Bennie Dean Herring was "no stranger to law enforcement," according to Chief Justice of the United States John Roberts. That's Roberts' understated way of saying that when Herring walks into a room, reasonable people could be forgiven for hearing the theme music to "Cops" in their heads.
Herring visited the Coffee County, Ala., sheriff's department on July 7, 2004, to get something from his truck, which had been impounded. Mark Anderson, an investigator with the department, asked the county clerk if Herring had any outstanding warrants.
Some might say that when a law enforcement officer's first reaction upon laying eyes on you is to check for outstanding warrants, you've made some poor life choices.
Anyway, the clerk said no. Then Anderson asked if there were any warrants from the next county over. Voila, the clerk found one for Herring's failure to make a court appearance. Anderson and a deputy proceeded to arrest Herring and search him and his vehicle. They found a gun (which was illegal thanks to a previous felony conviction) in his truck and methamphetamine in his pocket.
Then the clerk said, in effect, whoops! That's an old warrant and it shouldn't have been in the computer any longer.
Herring and his lawyers argued that his arrest and subsequent conviction were unconstitutional since law enforcement didn't have probable cause to conduct a search. The Supreme Court, in a 5-4 decision, disagreed this week. Legal observers are debating whether Herring v. United States is a landmark curtailment of the exclusionary rule or a small technical correction. Alas, out of concern for the status of my eternal soul, I refrained from becoming a lawyer, so I'll let others hash out that question.
Meanwhile, some of my libertarian friends are vexed by this. Glenn Reynolds (the 800-pound gorilla blogger known as Instapundit) writes in the New York Post that police shouldn't be exempt from following the law like everyone else. Reynolds understands the court's reasoning: "Why punish the police by letting a guilty man go free when they just made a simple mistake?" But, he reasons, ignorance is no excuse for John Q. Public, so why should it be one for Johnny Law? "Being a 'public servant,' apparently, means being free to make the kind of mistakes that the rest of us aren't allowed," writes Reynolds.I've never understood this argument.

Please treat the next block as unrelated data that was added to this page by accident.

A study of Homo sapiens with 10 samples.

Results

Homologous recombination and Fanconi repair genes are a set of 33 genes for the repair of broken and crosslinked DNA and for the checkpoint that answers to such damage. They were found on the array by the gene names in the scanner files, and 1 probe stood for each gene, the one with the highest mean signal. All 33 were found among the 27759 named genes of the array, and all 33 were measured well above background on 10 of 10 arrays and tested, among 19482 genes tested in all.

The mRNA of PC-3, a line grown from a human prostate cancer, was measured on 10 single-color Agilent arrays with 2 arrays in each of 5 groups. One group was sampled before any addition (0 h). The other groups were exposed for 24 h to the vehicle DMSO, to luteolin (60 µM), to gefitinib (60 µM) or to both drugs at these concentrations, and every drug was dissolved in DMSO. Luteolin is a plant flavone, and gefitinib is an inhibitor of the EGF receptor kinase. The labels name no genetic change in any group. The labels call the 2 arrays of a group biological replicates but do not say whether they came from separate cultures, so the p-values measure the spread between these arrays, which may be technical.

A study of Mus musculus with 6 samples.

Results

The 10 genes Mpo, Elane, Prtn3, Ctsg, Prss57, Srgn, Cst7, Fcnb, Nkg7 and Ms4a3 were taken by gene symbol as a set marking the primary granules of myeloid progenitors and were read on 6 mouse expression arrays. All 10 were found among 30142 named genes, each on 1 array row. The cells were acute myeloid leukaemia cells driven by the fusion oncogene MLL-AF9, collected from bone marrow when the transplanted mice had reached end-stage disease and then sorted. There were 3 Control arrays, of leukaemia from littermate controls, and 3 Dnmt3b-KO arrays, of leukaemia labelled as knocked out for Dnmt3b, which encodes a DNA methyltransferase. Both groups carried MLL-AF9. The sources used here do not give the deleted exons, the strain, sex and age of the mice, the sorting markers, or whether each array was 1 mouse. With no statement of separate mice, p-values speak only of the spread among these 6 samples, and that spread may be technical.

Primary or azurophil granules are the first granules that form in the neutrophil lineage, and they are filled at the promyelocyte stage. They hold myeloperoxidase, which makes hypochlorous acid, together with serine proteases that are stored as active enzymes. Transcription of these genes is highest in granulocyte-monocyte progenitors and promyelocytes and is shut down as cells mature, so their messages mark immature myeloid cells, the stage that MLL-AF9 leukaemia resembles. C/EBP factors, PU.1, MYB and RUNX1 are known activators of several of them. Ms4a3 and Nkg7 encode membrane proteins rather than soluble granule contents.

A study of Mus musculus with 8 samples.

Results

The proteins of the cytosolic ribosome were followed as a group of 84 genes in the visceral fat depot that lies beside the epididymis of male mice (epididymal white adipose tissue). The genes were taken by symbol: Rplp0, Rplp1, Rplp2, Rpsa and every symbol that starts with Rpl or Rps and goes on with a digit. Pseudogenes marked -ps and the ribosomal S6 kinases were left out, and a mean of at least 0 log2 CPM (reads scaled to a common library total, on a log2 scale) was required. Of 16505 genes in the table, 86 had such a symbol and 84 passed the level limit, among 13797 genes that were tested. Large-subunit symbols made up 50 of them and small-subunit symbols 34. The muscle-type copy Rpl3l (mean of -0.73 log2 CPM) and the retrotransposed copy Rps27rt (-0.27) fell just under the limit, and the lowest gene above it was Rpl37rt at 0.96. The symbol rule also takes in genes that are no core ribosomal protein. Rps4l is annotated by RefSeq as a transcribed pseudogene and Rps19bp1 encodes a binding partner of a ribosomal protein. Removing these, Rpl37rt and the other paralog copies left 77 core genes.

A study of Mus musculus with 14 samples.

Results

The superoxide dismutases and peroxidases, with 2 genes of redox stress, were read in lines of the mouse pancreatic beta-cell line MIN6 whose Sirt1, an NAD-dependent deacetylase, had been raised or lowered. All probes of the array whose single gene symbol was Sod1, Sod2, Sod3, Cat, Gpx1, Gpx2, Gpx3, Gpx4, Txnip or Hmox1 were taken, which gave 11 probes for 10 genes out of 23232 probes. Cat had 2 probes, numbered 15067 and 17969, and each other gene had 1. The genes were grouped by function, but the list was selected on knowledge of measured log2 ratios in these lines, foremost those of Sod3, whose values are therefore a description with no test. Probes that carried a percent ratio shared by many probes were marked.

Now, I agree that cops should follow the law just like everyone else. I just don't understand how Reynolds and so many others get from there to the idea that punishing cops requires rewarding people like Herring. According to the exclusionary rule, a cop who breaks the rules to arrest a serial child rapist should be "punished" by having the rapist released back into the general public. (Or as Benjamin Cordozo put it in 1926 when he was a New York state judge, "The criminal is to go free because the constable has blundered.")
But the officer, while frustrated, isn't really punished. The people punished are the subsequent victims and their families.
Reynolds and others say police should be subject to the same laws as other citizens and public servants. I agree. But if a husband runs a red light to get his pregnant wife to the hospital, she's not turned away because he broke the law. Or, imagine if a health inspector had the wrong address on his paperwork and rummaged around the wrong restaurant, only to find a roach and vermin infestation the likes of which are rarely seen outside of an Indiana Jones movie. According to the logic of the exclusionary rule, the public should keep eating roach burgers and rat droppings because the eatery was illegitimately searched. That's cuckoo for cocoa puffs.
If zookeepers, soldiers or cops break the rules, punish them -- criminally, civilly or administratively. But don't reward the scum of the earth with a get-out-of-jail-free card, particularly when that will result in truly innocent people being punished. Criminals didn't do anything right just because the cops did something wrong.